Offline ThiefofHope

Weaving setting into story
« on: August 28, 2017, 04:48:48 PM »
I'm starting my current project's Draft II next week. Second drafts are usually the ones in which I add all the details, concrete descriptions, and sorta put the muscles on the bones of the first draft.

One of my personal pet peeves in fiction is everything in a room/area being described at once. I prefer description to be a little more spread out than that (but not so much you lose track of where things are). I used to be able to weave setting in really well but for whatever reason I've become clunky and obvious in my descriptions. Does anyone have advice for weaving setting into prose in a way that isn't distracting or blatant?

Edit: I write in third person limited and there are 5 different MCs.
« Last Edit: August 28, 2017, 05:16:42 PM by ThiefofHope »

« Reply #1 on: August 28, 2017, 05:09:39 PM »
It would help to know what pov you are writing from actually... One character, multiple characters, omniscient?
Seems like important information in this case.


(followed your worldbuilding spotlight recently, nice world ^^)


Offline ThiefofHope

Re: Weaving setting into story
« Reply #2 on: August 28, 2017, 05:11:36 PM »
It would help to know what pov you are writing from actually... One character, multiple characters, omniscient?
Seems like important information in this case.


(followed your worldbuilding spotlight recently, nice world ^^)

Third person limited with 5 different MCs. And thank you!
"Cowards are better at surviving. Perhaps that is why you have lived this long." --Seryll Numarya

Offline Yora

Re: Weaving setting into story
« Reply #3 on: August 28, 2017, 10:08:45 PM »
When you want to describe the look of an environment, don't go with describing the details from general down to specifics. Instead the goal has to be to create a feel for the environment by using a few select details that evoke a certain atmosphere. Only describe the specific layout and architecture of a location to a level that is really necessary to make the scene understandable.

« Reply #4 on: August 29, 2017, 05:38:20 AM »
Mimic filmmakers. They have the same task - to show setting, and they face the same decisions: what to show first, what to emphasize, when to make things unique and extraordinary/when to use the cliché so the setting doesn't get in the way of more important things, etc.
Make a study of some good films and note when a scene unfolds what elements are shown and in what order and why. Know that when you see a scene in a movie with an uninteresting setting - that was a choice, and usually an effective one. It's bland by design. And when it's distinctive, that, too, was a decision, but only the first of many: how distinctive and in what way? What purpose does it serve?

In writing, including my own, I find that settings tend to be underutilized and over-described. Mimic the focus of the camera - direct the reader's eye to what's most important, and do not try to make every single thing distinctive. Don't be afraid to summarize. Take only the time and space that the setting needs and that the scene will permit and no more.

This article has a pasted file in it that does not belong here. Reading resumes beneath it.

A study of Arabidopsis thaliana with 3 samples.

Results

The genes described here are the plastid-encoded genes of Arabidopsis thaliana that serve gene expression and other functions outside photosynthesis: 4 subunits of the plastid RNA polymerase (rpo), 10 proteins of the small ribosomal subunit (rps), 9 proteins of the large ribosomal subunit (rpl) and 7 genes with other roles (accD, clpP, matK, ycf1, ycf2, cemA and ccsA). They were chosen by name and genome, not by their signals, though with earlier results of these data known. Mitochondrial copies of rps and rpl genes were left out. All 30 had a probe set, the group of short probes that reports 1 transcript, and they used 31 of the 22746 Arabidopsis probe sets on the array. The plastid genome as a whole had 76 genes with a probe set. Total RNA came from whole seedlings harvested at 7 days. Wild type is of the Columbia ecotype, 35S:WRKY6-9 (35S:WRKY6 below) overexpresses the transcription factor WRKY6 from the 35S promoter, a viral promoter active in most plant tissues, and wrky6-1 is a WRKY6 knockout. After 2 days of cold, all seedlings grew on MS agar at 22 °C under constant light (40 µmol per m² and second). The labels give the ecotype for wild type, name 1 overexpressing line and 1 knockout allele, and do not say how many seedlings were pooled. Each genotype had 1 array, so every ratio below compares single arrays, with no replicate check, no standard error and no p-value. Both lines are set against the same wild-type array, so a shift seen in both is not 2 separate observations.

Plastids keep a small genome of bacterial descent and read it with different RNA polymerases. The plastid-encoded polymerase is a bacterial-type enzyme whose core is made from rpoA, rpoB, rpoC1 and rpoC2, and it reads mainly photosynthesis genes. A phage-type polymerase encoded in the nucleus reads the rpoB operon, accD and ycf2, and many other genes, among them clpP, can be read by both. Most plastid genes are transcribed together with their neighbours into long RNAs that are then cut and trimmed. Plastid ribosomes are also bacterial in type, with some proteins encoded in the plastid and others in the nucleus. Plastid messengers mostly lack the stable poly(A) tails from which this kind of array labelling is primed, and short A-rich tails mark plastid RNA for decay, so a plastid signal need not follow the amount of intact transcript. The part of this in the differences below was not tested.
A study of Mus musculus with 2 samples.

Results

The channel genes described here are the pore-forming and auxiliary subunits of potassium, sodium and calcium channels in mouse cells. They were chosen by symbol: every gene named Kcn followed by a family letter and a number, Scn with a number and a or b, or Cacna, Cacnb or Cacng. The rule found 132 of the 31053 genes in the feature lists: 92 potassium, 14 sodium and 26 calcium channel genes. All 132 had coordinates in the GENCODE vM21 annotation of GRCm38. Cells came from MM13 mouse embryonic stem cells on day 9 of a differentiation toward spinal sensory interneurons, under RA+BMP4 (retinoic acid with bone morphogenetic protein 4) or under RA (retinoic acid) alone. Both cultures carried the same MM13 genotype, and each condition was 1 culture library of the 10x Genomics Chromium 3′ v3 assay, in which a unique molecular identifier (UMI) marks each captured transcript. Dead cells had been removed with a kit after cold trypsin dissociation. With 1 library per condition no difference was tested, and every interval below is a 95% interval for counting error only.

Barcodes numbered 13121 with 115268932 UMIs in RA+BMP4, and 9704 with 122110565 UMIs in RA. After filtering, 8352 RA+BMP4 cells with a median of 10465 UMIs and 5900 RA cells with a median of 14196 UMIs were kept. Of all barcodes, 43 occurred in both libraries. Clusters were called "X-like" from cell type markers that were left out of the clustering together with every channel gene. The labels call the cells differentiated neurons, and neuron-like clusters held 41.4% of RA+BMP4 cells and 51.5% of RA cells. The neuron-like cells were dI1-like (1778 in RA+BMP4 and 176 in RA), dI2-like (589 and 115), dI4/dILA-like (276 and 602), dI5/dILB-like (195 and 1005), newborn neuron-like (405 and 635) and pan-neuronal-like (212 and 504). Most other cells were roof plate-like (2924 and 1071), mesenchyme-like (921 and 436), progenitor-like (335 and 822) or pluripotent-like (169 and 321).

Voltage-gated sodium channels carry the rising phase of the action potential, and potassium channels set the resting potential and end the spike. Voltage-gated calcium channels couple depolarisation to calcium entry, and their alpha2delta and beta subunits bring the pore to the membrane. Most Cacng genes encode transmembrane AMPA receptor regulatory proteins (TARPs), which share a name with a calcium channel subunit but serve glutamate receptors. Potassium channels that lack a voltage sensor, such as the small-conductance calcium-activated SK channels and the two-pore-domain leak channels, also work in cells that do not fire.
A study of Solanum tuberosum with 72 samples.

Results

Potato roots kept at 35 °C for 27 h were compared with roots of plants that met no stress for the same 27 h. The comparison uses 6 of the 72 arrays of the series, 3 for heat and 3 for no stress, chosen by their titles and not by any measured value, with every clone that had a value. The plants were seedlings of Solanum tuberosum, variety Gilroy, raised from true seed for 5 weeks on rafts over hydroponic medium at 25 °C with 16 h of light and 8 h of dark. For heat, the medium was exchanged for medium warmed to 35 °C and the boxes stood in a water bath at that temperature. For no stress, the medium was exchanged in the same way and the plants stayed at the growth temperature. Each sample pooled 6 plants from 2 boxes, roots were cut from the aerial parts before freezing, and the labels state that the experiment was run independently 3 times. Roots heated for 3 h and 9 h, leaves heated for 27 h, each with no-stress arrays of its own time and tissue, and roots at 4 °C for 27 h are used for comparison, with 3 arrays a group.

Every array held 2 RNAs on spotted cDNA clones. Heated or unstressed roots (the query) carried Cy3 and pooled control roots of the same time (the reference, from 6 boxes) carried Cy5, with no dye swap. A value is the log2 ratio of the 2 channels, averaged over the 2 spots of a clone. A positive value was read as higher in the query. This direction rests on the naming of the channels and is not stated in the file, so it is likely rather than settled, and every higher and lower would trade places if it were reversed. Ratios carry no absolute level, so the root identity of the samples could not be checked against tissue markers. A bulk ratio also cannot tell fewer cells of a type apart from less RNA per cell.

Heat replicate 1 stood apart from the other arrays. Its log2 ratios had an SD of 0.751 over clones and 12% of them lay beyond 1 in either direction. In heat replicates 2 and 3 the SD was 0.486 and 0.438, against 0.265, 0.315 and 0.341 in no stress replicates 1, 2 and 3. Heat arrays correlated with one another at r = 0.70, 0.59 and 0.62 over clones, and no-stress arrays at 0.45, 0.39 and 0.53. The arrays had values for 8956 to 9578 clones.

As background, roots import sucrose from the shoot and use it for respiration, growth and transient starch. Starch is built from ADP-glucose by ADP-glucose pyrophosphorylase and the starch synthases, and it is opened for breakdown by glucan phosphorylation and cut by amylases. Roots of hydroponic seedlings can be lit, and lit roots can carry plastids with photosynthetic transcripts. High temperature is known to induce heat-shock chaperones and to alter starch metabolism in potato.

My last suggestion is to let the senses be your guide. Sight is twice as important as hearing, which is twice as important as touch and smell in action scenes, the reverse in quieter moments, where we are more mindful of smells and sensations. Hitting all the senses, each place should have a scent, a texture or touch-sensation (warmth, cold, vibration), two sounds, and four sight elements - a color, a brightness, a contrast, and either motion or a lack of it. These should be spread across the first 1/2 of a scene imho, with one saved for the end or a final touch added for contrast. Plot will require other scene elements and description, but that, imho, is no longer setting, it's setting as character or plot, etc., and that requires more.

I hope this is helpful.

Re: Weaving setting into story
« Reply #5 on: August 29, 2017, 08:19:18 PM »
It's a peeve of mine as well, except when it isn't. I can think of plenty of examples where the author gives us whole passages of description and it worked. Of course, I can think of plenty more where it didn't work. I think it's important to recognize both.

There are a couple of things that setting accomplishes. One is to set or to reinforce mood (sometimes even theme). One is to bring to the reader's attention something of importance. Other folk here will no doubt be able to add to the list.

There are a couple of ways of going about these couple of things. One is stuff the character notices. This one's really important because Character A won't notice the same things as Character B. What gets noticed and how it gets noticed will tell the reader something about the character as well as the thing being described. Other times, the narrator steps in to describe something that cannot be seen from the character POV. Scene-setting often employs this approach.

Any of this can be done well or badly, and I have no advice on that score. I have noticed, though, that books where I thought this was done well share certain characteristics. The author relies on various ways to weave the setting into the story. That implies there's not just a single "correct" approach. I've noticed, too, that the good writers manage to make a description accomplish things at multiple levels. It might enhance the mood as it also describes the physical layout of a space, as well as giving some insight into one or more characters even as it adds a little color or world-building context.

Setting, iow, is not a single thing but is multifaceted. And there are many ways to weave.